For the third straight year, the Cal State Fullerton Baseball team will open another season with a new pitching coach. (Jason Dietrich – 2016; Blake Hawksworth – 2017; Steve Rousey – 2018)
Although Cal State Fullerton has not released an official statement yet, the odds on favorite to replace Blake Hawksworth was Steve Rousey. By the power of the internet, rumors about Steve Rousey’s hire were put to rest despite no official word from Cal State Fullerton.
In both the Linkedin page and twitter profile, Rousey lists his job title as Baseball Coach at California State University, Fullerton and CSF Baseball-Titan Coach respectively. Even though Cal State Fullerton may be a little slow on the uptake, we here at Cal State Omaha using our journalism degree we earned from CSUF, are going to call it and say Steve Rousey is the new pitching coach for the 2017 season.
But who is Steve Rousey?
— Kendall Rogers (@KendallRogersD1) July 14, 2017
Two minutes later, @KendallRogersD1 tweeted:
— Kendall Rogers (@KendallRogersD1) July 14, 2017
Now that it is “official” (per the internet), let’s delve into exactly who is Steve Rousey.
Steve Rousey’s Cal State Fullerton roots run deep. Most notably, Rousey was a top pitcher at Cal State Fullerton in the 1980’s. In three seasons playing for the Titans and NCAA all-time winningest head coach Augie Garrido, he compiled a 15-5 record with 120 strikeouts. Rousey played in the College World Series twice and helped the Titans win their second National Championship by compiling an 8-3 record with a 3.47 earned run average in 1984. A fourth-round pick by the Seattle Mariners in 1984 after his junior season, Rousey spent five years playing professionally in the Seattle Mariners and Montreal Expos organizations.
After his professional baseball career came to a close, Rousey turned towards coaching baseball at Crescenta Valley High School before coming back to Division 1 college baseball.
Sticking with his Titan roots, Rousey began coaching as an assistant for Coach Dave Snow at Long Beach State from 1993-95. In his three years, the 49ers established themselves as a national power by capturing two of three Big West titles, making three regional appearances and a trip to the College World Series semifinals. During his time at Long Beach, LBSU had three pitchers earn All-American honors and and one named the 1993 National Pitcher of the Year (Daniel Choi). Four more MLB players, including three pitchers were a part of those Long Beach teams.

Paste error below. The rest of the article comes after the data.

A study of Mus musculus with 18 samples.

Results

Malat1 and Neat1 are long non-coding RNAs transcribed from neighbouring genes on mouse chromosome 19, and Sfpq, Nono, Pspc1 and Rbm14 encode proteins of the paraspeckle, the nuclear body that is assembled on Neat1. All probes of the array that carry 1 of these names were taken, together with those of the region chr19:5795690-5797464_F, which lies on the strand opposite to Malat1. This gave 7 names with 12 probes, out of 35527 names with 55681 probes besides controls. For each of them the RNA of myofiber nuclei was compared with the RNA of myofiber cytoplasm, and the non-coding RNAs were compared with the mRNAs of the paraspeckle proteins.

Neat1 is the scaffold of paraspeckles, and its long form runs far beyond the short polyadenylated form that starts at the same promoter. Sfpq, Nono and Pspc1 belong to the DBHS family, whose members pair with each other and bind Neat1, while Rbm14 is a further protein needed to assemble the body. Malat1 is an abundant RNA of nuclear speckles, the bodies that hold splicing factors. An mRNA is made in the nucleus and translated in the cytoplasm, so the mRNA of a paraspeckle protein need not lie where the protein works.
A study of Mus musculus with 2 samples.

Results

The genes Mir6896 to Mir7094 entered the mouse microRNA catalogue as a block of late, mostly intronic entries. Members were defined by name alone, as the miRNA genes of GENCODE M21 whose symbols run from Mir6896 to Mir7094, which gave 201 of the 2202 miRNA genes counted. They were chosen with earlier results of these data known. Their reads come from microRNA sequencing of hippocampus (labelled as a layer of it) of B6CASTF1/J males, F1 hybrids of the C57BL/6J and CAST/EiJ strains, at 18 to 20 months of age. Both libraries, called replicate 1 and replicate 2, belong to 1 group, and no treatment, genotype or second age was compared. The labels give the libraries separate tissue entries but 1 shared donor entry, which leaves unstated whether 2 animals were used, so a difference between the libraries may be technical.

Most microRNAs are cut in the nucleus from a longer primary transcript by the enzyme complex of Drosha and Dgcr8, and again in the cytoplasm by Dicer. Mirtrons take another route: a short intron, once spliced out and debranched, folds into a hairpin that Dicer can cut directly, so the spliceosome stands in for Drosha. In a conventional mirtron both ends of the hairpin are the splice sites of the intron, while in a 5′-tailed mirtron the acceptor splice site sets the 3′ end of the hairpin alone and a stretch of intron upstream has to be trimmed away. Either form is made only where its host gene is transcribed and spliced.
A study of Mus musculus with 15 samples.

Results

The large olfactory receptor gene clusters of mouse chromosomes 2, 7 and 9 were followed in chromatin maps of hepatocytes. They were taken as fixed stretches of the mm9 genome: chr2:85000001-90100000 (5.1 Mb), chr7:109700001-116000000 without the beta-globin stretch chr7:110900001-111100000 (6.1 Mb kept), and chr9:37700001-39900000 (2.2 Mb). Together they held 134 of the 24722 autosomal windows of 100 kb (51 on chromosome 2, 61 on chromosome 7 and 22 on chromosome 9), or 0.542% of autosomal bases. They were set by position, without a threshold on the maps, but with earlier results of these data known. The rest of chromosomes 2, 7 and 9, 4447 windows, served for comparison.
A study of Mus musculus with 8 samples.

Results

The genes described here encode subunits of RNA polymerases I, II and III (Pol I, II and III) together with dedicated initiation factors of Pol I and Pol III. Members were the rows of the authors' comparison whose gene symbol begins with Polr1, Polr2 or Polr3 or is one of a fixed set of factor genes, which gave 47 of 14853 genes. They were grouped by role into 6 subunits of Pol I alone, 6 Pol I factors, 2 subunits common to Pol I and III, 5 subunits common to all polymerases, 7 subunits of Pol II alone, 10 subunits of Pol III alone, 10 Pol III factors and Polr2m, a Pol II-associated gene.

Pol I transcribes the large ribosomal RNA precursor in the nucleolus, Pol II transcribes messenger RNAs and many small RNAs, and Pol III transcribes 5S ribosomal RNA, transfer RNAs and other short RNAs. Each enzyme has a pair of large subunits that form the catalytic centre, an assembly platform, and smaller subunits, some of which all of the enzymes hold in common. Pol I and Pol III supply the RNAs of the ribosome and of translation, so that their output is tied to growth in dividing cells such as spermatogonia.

After coaching three years at Long Beach, Rousey accepted the head coach position at Los Angeles City College. Rousey compiled a 24-18 record in his first year at LACC after taking over a team that had no players after being cut and then reinstated. His teams compiled 50 wins over his last two seasons (1999 & 2000) while 56 of Rousey’s players went on to play at the university or professional level.
Rousey returned to his pitching roots and accepted the pitching coach job at Cal State Northridge in 2001. While the pitching coach at Northridge for the 2001 and 2002 seasons, Rousey helped lead Northridge to a two-year record of 75-39 and the Matadors claimed the Big West title in 2002. Working primarily with the pitchers, Rousey saw his staff finish the 2002 season with 41 wins, 13 saves and 478 strikeouts. In 2002, Cal State Northridge won the Big West Conference title in only their second year in the conference and Rousey developed three future MLB Pitchers that season in Kameron Loe, Bill Murphy, and Leo Rosales.
In 2003, Rousey was elevated to head coach of the CSUN Matadors compiling a 169-278-1 record. In 2001, Rousey joined the Fresno State coaching staff, once again returning to pitching coach duties where he made an immediate impact. In 2011 and 2012, Fresno State made the NCAA Regionals and in those two seasons, Bulldog pitchers dominated the WAC. Eight pitchers were drafted and postrespective ERAs of 2.91 and 3.88 in those two seasons. The Bulldogs also amassed 909 strikeouts while earning a pair of conference championship rings.
In 2015, the Bulldog pitching staff led the Mountain West with a .252 opposing batting average. 2016 was even better with The Bulldogs pitching staff ranked first in the conference in ERA (3.72), strikeouts (479), runs allowed (270), doubles allowed (83), opponents batting average (.261), hits allowed (526) and home runs allowed (26).
Although success and teaching on the mound is Rousey’s forte, recruiting and overall player development is an intangible that Rousey will bring to the Titans immediately. Renowned as a tremendous recruiter, Rousey was responsible for recruiting most notably Aaron Judge to Fresno State. When Jason Dietrich departed to join George Horton at the University of Oregon, many Titan fans feared the recruiting of top tier players would diminish. With Rousey’s deep roots within the talent rich State of California, recruiting and the ability to attract top players to Fullerton does not look to be a concern.
All-American Colton Eastman along with top relievers Blake Workman and Brett Conine will take the hill for their third season and will have their third pitching coach in as many years. All three are veteran pitchers that can handle the change and will be just fine. Rousey’s track record of arriving to lead a pitching staff and produce immediate success has to be encouraging to Titan fans. With a pitching staff that is projected to dominate the Big West again, the addition of Rousey can only further cement those high expectations.
Cal State Omaha encourages you to join us in welcoming Steve Rousey back to Cal State Fullerton.